Samsung Again Criticizes Win 8, Drops RT Tablet in Germany
Samsung is again distancing itself from Windows 8. Last weekend, the president of the company's memory chip business
said "the Windows 8 system is no better than the previous Windows Vista platform."
Jun Dong-soo, director of Samsung's memory chip division, also told the Korea Times
that the global PC industry is "steadily shrinking despite the launch of Windows 8" and that Intel and Microsoft's thin Ultrabooks have "simply failed" because of the Windows platform.
In addition, Samsung has now confirmed reports in the German press that it will no longer sell its Windows RT tablet, called the Ativ Tab, in Germany. A German tech news site is also reporting that the manufacturer will halt the tablet's sale in other European countries, but Samsung has not yet issued that confirmation.
Pricing, Form Factors
Tablets are arguably the key to Microsoft's personal computer plans. The technology giant needs to gain a foothold in the soaring tablet category, which is dominated by Apple's iPad but has a slew of fast-rising Android devices as well. Windows 8's entire interface appears to have been driven by the need to accommodate tablets' touchscreen interface. And, not incidentally, Samsung is the world's second-largest maker of tablets.
But the pricing of the Windows tablet remains an issue, in part because of Microsoft's licensing fee. In Germany, the Samsung RT tablet retails for U.S. $780, compared with U.S. $430 for the iPad. Additionally, the RT model does not run Windows legacy apps directly, and the total inventory of RT-specific apps is still relatively small.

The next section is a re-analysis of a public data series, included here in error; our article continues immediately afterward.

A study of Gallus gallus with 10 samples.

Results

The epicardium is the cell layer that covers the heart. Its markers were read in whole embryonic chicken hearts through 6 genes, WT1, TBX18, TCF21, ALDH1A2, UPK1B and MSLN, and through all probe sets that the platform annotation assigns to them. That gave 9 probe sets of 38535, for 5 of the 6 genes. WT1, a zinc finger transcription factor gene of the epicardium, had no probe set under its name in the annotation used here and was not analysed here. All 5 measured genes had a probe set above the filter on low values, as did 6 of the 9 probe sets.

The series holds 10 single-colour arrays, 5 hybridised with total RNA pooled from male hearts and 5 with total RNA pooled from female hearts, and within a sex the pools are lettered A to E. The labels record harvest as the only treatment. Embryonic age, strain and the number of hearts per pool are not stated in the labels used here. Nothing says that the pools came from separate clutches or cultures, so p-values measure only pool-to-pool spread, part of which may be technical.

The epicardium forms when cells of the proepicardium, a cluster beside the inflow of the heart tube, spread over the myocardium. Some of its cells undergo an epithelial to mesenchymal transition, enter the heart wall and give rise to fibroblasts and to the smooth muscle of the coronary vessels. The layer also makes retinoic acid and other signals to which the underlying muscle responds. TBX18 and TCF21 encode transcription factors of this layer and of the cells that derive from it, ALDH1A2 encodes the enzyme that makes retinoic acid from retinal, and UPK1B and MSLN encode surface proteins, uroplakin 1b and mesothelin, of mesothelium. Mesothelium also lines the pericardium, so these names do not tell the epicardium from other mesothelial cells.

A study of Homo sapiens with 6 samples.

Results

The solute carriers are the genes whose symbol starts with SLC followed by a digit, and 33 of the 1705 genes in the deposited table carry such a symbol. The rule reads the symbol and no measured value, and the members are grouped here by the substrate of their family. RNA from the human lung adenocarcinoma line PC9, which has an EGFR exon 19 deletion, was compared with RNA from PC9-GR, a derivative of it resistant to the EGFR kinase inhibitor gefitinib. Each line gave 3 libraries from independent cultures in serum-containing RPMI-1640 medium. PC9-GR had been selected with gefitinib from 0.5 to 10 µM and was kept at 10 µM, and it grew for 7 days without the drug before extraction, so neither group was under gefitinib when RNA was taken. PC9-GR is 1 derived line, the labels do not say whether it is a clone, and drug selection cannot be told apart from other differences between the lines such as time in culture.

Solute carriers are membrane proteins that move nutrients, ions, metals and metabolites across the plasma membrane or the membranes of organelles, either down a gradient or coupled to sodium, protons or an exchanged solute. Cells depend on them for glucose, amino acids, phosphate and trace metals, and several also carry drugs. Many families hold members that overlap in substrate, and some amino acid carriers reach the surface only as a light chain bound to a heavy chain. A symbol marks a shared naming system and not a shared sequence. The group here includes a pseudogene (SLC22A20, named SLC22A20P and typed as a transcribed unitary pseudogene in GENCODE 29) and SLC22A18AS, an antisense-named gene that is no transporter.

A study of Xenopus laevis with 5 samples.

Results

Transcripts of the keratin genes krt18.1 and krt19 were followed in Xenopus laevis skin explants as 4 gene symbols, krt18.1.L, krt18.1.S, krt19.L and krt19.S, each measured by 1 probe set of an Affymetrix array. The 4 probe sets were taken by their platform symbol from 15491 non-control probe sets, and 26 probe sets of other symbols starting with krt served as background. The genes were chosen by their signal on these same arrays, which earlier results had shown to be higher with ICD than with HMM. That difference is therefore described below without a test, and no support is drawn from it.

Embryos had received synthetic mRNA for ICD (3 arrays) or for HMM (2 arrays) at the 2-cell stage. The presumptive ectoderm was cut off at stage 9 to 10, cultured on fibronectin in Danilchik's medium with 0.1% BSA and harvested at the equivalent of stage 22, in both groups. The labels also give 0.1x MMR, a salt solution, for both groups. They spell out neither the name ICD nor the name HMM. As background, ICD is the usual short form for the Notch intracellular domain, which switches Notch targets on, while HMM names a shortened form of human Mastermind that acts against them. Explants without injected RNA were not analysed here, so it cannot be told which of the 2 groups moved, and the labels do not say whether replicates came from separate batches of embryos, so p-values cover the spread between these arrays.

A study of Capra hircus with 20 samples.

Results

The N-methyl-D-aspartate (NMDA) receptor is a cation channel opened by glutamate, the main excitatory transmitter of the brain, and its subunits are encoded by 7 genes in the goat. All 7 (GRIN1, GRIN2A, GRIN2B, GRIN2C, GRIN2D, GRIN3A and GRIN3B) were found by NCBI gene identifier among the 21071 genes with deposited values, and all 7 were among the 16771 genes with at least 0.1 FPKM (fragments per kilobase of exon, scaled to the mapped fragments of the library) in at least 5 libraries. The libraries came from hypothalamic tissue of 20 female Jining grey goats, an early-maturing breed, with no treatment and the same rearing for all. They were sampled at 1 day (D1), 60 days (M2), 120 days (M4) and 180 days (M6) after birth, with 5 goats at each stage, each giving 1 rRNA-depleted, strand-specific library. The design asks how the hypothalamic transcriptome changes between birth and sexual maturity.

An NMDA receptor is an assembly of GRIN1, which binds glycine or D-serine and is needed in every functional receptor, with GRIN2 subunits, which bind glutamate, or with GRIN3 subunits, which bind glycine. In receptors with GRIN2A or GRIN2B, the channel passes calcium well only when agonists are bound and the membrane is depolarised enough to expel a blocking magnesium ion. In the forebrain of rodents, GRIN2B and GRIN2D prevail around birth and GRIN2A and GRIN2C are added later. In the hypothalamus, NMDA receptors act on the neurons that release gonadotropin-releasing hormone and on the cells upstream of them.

Some industry observers are also noting customer confusion about Windows choices. There's Windows RT tablets' inability to run Windows legacy apps, as well as a wide range of form factors -- and names for the form factors -- for Windows 8 Ultrabooks, convertibles, hybrids, touchscreen PCs, and non-touchscreen PCs.
The dissatisfaction with Windows 8 among PC manufacturers extends beyond Samsung. Acer President Jim Wong, for example, said in January that "Windows 8 itself is still not successful," and pointed to the fact that the PC market has not revived since the launch of the new platform.
'Where's the Leadership?'
Acer's total PC shipments dropped by more than a quarter in the fourth quarter compared with 2011, while Chromebooks, which use Google's cloud-based Chrome OS, were as much as 10 percent of its U.S. shipments at the end of last year. Meanwhile, other PC manufacturers, such as Hewlett-Packard, are similarly testing Chromebooks and releasing Android tablets. The executive vice president of HP's Personal Systems group also said some not-kind things about Windows RT late last year.
Laura DiDio, an analyst with industry research firm Information Technology Intelligence Consulting, described Samsung's and Acer's comments as "very self-serving." She said it "behooves Samsung in particular to say that 'the PC is dead, long live the tablet.'"
DiDio also pointed out that the Samsung executive's disparaging remarks comparing Windows 8 to the "previous Vista platform" was a deliberate attempt to associate Windows 8 with the much-criticized Vista, and not to compare it with the immediately previous Microsoft platform, Windows 7.
Samsung wants "to bury Microsoft," she added, "not just gain independence from them." But DiDio noted that "a lot of this, however, is legitimate," because Microsoft has "done a bad job of marketing Windows 8" and explaining its difference from RT. More important, she asked, "Where's the leadership, the counterpunch from Microsoft?"